Boards of Directors and Financial Risk during the Credit Crisis
In a sample of 141 companies with complete data collected from company chairs on both board structure and process, board process is found to be an important determinant of financial risk during the crisis of 2008–2009. In particular, financial risk is lower where non-executive directors have high effort norms and where board decision processes are characterized by a degree of cognitive conflict. The impact of cognitive conflict is, however, found to be less pronounced in boards with high levels of cohesiveness.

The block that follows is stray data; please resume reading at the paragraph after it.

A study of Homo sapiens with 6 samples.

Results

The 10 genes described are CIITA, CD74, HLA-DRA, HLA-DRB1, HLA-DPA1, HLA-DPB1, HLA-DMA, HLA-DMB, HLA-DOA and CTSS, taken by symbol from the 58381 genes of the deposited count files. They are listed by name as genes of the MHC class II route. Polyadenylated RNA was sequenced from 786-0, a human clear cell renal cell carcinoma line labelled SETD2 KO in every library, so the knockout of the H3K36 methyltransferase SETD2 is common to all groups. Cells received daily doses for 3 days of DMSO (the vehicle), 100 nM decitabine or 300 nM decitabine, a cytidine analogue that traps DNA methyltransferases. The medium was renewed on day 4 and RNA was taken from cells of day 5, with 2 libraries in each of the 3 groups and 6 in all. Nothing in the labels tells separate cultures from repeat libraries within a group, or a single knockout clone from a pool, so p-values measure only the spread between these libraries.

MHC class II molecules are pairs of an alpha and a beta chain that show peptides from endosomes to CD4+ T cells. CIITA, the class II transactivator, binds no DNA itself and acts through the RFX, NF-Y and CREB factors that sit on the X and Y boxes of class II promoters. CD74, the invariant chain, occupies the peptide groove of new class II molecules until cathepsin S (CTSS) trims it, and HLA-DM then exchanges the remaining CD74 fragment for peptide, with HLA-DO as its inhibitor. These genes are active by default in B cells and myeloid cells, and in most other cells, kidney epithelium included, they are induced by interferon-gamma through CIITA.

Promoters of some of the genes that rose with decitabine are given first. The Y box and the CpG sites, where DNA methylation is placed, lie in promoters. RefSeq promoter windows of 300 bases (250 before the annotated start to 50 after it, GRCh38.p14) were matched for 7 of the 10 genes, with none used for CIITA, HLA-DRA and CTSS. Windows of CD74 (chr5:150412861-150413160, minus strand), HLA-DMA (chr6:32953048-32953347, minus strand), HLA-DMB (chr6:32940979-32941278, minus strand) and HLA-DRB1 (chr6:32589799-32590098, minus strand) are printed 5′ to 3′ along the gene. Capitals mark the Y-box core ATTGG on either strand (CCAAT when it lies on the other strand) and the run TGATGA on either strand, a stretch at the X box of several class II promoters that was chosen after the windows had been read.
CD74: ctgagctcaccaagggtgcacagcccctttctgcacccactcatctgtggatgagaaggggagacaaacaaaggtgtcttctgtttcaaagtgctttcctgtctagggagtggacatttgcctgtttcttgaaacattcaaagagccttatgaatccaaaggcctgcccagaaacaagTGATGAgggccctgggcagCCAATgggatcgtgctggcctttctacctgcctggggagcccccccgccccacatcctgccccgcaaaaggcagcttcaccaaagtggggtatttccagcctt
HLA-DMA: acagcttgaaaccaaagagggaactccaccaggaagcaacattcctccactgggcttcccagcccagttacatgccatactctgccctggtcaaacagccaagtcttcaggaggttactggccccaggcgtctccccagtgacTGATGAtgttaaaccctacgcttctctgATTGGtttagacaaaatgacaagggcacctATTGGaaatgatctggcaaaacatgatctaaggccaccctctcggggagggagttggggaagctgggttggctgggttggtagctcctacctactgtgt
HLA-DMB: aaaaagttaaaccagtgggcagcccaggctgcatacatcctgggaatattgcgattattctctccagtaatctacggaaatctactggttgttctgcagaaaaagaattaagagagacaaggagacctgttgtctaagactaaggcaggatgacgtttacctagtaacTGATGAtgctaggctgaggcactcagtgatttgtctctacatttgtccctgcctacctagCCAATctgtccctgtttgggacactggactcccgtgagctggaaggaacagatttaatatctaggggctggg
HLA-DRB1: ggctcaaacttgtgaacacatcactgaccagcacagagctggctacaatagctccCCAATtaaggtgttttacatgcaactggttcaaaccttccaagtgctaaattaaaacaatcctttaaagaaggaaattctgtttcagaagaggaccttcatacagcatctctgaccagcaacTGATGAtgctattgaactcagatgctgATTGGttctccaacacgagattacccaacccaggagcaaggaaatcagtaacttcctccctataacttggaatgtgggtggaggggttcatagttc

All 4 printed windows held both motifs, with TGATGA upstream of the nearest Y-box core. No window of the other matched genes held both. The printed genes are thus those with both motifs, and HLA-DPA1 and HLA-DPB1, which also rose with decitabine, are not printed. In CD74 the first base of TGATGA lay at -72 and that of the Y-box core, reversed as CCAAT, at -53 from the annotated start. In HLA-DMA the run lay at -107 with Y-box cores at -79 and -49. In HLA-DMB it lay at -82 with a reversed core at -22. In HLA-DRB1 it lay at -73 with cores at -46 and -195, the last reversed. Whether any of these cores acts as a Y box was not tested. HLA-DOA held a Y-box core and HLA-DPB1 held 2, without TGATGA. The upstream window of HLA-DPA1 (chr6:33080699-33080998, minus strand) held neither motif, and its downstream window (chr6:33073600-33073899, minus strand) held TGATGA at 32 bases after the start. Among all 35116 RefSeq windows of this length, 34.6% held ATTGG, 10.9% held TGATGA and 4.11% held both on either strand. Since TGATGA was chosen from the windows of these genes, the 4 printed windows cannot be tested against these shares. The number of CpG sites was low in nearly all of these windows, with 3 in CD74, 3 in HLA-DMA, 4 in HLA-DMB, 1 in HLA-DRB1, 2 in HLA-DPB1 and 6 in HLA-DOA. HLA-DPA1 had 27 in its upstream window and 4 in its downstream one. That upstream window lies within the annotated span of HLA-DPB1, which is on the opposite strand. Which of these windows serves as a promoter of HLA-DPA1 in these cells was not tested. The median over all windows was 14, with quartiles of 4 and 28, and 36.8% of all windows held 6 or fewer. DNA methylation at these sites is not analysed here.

The study provides theoretical and empirical advancement of the governance literature towards an understanding of group process-oriented views of boards' work and effectiveness. This study identifies the significance of board processes and their impact on financial risk supported by quantitative empirics. Findings of a strong relationship between board process and financial risk augment existing theories to suggest that the effects of boards work through group processes that bring executives and non-executives together in relations laced with control and collaboration.
Regulators, acting post the financial crisis have produced governance codes that emphasize risk management as a key responsibility of boards. The link between board process and financial risk established in this paper provides evidence for company chairs and other directors on the possibilities and potential effectiveness of boards in discharging this responsibility.